Despite, or perhaps because of, rock-bottom prices, the memory market is booming, with both vendors and distributors reporting strong sales.
With prices at their lowest levels ever, it is just as well sales are strong. Volume has become a vital part in the PC memory equation. But manufacturers and distributors alike can breath a sigh of relief that the price difference between lower end OEM memory and brand manufacturers has narrowed and the playing field has become decidedly more even.
"The gap has lowered from around $20-25 to the $5-6 dollar range and business has really picked up because of this," said Ken Barsley, national sales and marketing manager with Kingmax which has just set up a new office in Queensland. "There is still a lot of demand out there for memory."
Kingston Technology distributor Simms International has also reported a strong period.
"We had one of our best months last month in memory," said managing director of Simms International, Andy Hilton. "We think it is a reflection of the fact that pricing has pretty much bottomed out and users are upgrading as much as they can before prices rise again. Apart from that, we had a few large deals which happened to drop in July."
Hilton agreed the closing gap between memory modules has been good for business, although he said Simms was not really affected by the price difference.
"Why buy cheap generic product when quality branded product is only marginally more expensive?" he argued.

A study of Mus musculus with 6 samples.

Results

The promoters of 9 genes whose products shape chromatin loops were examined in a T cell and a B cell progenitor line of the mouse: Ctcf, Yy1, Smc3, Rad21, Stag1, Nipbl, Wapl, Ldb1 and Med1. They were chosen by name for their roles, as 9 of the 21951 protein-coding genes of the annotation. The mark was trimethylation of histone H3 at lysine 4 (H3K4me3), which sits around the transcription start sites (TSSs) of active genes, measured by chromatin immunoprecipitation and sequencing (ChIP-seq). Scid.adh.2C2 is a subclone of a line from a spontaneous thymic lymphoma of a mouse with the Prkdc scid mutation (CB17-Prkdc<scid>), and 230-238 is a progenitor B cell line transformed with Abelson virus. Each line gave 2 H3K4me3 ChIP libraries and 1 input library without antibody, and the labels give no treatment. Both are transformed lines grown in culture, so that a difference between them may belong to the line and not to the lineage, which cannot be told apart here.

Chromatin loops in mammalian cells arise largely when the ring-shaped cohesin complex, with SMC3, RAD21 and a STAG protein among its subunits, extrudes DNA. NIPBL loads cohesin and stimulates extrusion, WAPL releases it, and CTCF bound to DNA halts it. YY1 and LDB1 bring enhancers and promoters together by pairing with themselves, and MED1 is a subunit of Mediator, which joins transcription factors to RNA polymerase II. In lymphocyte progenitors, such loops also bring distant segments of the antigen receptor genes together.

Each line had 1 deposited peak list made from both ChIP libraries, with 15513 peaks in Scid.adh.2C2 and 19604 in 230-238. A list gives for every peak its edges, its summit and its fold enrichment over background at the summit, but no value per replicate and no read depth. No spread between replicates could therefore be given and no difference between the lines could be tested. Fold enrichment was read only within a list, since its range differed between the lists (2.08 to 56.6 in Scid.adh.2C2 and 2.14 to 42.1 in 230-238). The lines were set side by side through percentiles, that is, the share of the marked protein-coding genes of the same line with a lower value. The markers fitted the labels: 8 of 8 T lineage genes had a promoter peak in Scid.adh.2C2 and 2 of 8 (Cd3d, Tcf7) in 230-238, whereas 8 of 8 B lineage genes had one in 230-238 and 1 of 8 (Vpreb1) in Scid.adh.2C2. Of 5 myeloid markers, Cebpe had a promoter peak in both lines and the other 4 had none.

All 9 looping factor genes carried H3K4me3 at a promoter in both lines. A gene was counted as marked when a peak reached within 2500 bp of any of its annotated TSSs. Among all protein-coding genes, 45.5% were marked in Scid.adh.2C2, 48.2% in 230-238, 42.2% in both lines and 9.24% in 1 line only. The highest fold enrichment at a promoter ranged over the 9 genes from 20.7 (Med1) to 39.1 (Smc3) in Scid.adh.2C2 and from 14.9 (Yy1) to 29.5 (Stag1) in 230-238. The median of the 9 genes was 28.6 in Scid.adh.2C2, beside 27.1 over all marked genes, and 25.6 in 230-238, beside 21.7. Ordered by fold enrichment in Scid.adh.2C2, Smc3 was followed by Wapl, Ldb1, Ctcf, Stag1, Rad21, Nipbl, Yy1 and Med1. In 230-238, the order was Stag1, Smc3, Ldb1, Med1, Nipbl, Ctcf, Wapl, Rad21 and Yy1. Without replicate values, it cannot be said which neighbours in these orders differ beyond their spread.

Vendor Kingston Technology has just appointed another representative in Australia, Matt Cameron. Based in Sydney, Cameron will be responsible for growing the Kingston brand name amongst end users in Australia and New Zealand.
Dataram has also been undergoing staff changes. The US memory manufacturer recently announced it had cut about 96 jobs ahead of an anticipated first-quarter loss. While some in the Asia-Pacific region were also cut, Dataram has also made some new appointments. Former Fuji Xerox Australia sales executive David Fittler has just been appointed as sales manager for the Australia and New Zealand region.
The increased focus on the very different market of server memory has allowed Dataram, formerly Hypertec Memory Card, to move away from the rock-bottom prices of PC memory. However it still remains the bread and butter of the business.
"Our volumes are skyrocketing but pricing has dumped around 90 per cent in the last 12 months. But the numbers have stacked up unit-wise so we are holding it together and doing well."
Kingmax's Barsley agrees the price drop has gone hand-in-hand with the rise in demand.
"Everyone expects sales in August and September to be significant, but it will be very hard to get back to those high memory prices unless we have a couple of earthquakes that affect supply," he said.